David Mulroney was Canada’s ambassador to China from 2009 to 2012
As is often the case at international meetings, the big deliverables for Canada at the recent G20 Summit in Buenos Aires had little to do with the official agenda. If nothing else, the summit provided an opportunity for the signing of the U.S-Mexico-Canada Agreement (USMCA), which replaces NAFTA in governing North American trade. While this was Prime Minister Justin Trudeau’s major accomplishment in Argentina, he also raised human-rights concerns with two of the G20’s most controversial leaders.
Mr. Trudeau told reporters that he had spoken to Saudi Arabia’s Crown Prince Mohammed bin Salman about such recent outrages as the murder of journalist Jamal Khashoggi, Saudi Arabia’s role in the bloody war in Yemen and the continuing incarceration of human rights activist Raif Badawi. The Prime Minister also reportedly confronted Russian President Vladimir Putin about Russia’s recent detention of Ukrainian sailors.
But many observers were surprised by an item that doesn’t seem to have been on the Prime Minister’s agenda: pressing China’s President Xi Jinping about China’s role as the source of the synthetic opioid fentanyl, which is killing thousands of Canadians each year. Indeed, when asked whether he had raised the issue, the Prime Minister simply expressed confidence that the Chinese are co-operating fully.
President Donald Trump, not surprisingly, took a different tack on the fentanyl issue, sending a typically incendiary tweet condemning Chinese inaction. But he also secured from the Chinese a commitment to list fentanyl as a “controlled substance,” making it easier to prosecute producers. Whether China, which censored this news at home, will take resolute action and co-operate with countries other than the U.S. remains to be seen.
The fentanyl epidemic is a new kind of foreign-policy challenge for us. China is refusing to act responsibly, something that is literally killing Canadians. We need tougher talk from the Prime Minister, but we also need sustained and co-ordinated follow-up by a range of departments, agencies and jurisdictions, something that isn’t our strong suit.
We need to get better at this, and quickly.
Securing co-operation from China on an issue as important as stopping the flow of fentanyl should be identified as a national priority by the Prime Minister. This needs to be communicated clearly to the ministers of Global Affairs and Public Safety, as well as to the commissioner of the RCMP and our ambassador in Beijing. Global Affairs needs to understand that it cannot invoke other Canada-China issues as being more pressing or important than securing Chinese cooperation on fentanyl. For its part, the RCMP must be willing to co-operate and share information with other Canadian departments and agencies, including Global Affairs, in delivering a co-ordinated response.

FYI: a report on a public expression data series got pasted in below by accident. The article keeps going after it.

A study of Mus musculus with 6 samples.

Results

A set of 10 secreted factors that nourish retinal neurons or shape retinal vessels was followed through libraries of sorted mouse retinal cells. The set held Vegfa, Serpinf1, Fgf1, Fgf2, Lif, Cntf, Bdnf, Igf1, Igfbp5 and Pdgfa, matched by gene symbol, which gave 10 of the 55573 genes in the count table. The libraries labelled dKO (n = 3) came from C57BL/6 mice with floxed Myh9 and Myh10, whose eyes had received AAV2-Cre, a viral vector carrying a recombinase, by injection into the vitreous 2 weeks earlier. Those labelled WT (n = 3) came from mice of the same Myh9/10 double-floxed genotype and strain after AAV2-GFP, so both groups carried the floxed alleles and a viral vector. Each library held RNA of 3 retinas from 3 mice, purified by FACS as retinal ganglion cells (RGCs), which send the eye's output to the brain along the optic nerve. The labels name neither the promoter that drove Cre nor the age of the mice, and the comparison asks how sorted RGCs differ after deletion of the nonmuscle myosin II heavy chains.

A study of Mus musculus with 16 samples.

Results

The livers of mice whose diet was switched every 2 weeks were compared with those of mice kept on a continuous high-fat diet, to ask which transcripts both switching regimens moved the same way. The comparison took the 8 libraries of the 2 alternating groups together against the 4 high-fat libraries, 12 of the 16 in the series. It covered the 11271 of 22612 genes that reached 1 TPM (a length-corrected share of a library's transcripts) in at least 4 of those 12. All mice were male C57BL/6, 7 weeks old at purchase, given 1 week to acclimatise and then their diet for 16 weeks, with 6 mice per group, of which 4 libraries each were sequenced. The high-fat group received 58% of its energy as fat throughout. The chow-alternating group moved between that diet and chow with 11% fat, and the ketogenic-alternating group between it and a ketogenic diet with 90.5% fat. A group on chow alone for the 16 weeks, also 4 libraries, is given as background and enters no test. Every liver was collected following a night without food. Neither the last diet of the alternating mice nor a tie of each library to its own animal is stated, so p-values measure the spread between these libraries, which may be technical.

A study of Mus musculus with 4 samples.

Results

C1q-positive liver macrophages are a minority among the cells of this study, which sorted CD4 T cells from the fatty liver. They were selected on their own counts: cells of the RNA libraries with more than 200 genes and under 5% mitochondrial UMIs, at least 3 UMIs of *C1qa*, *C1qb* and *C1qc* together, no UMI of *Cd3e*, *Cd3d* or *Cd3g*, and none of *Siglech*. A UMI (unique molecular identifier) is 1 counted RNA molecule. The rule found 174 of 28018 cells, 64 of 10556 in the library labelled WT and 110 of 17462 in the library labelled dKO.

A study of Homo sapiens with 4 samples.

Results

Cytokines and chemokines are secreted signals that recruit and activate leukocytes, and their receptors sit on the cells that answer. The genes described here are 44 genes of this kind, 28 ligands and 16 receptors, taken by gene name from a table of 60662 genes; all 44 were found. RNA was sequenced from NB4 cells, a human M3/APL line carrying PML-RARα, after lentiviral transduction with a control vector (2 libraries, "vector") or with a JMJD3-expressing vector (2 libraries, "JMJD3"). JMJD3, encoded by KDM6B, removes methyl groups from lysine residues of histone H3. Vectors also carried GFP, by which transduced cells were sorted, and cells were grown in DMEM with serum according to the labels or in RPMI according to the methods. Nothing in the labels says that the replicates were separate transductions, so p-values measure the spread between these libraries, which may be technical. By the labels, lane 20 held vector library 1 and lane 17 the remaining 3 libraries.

We also need to move beyond a zero-sum approach that simply rejects whatever demands the Chinese are making. While China is reportedly seeking an unprecedented and unwarranted degree of Chinese police presence in Canada as a quid pro quo for cracking down, they almost certainly have a series of fall-back positions. Finding a position that both sides can live with is the essence of good diplomacy.
We also need to be sure that we’re actually playing our part in solving the problem. We should be prepared to prosecute Chinese drug kingpins much more aggressively, as the Americans do. And we must get serious about addressing Vancouver’s shameful reputation as a centre for money laundering, something that enables the drug trade.
A truly co-ordinated Canadian response would also involve the premiers of British Columbia and Ontario and the mayors of Vancouver and Toronto, all of whom are key players in our relationship with China. They should be putting pressure on the Chinese diplomats in their jurisdictions – officials who are typically treated with excessive deference – informing them that no co-operation is possible until China gets serious about respecting Canadian laws and Canadian lives.
Stopping the flow of fentanyl from China represents a new kind of foreign-policy challenge for Canada, one that points to the far more unfriendly world order we now have to navigate. It requires an unprecedented degree of co-ordination among our police agencies and key players at the federal, provincial and municipal levels. Above all, it requires the Prime Minister to speak frankly and to lead decisively.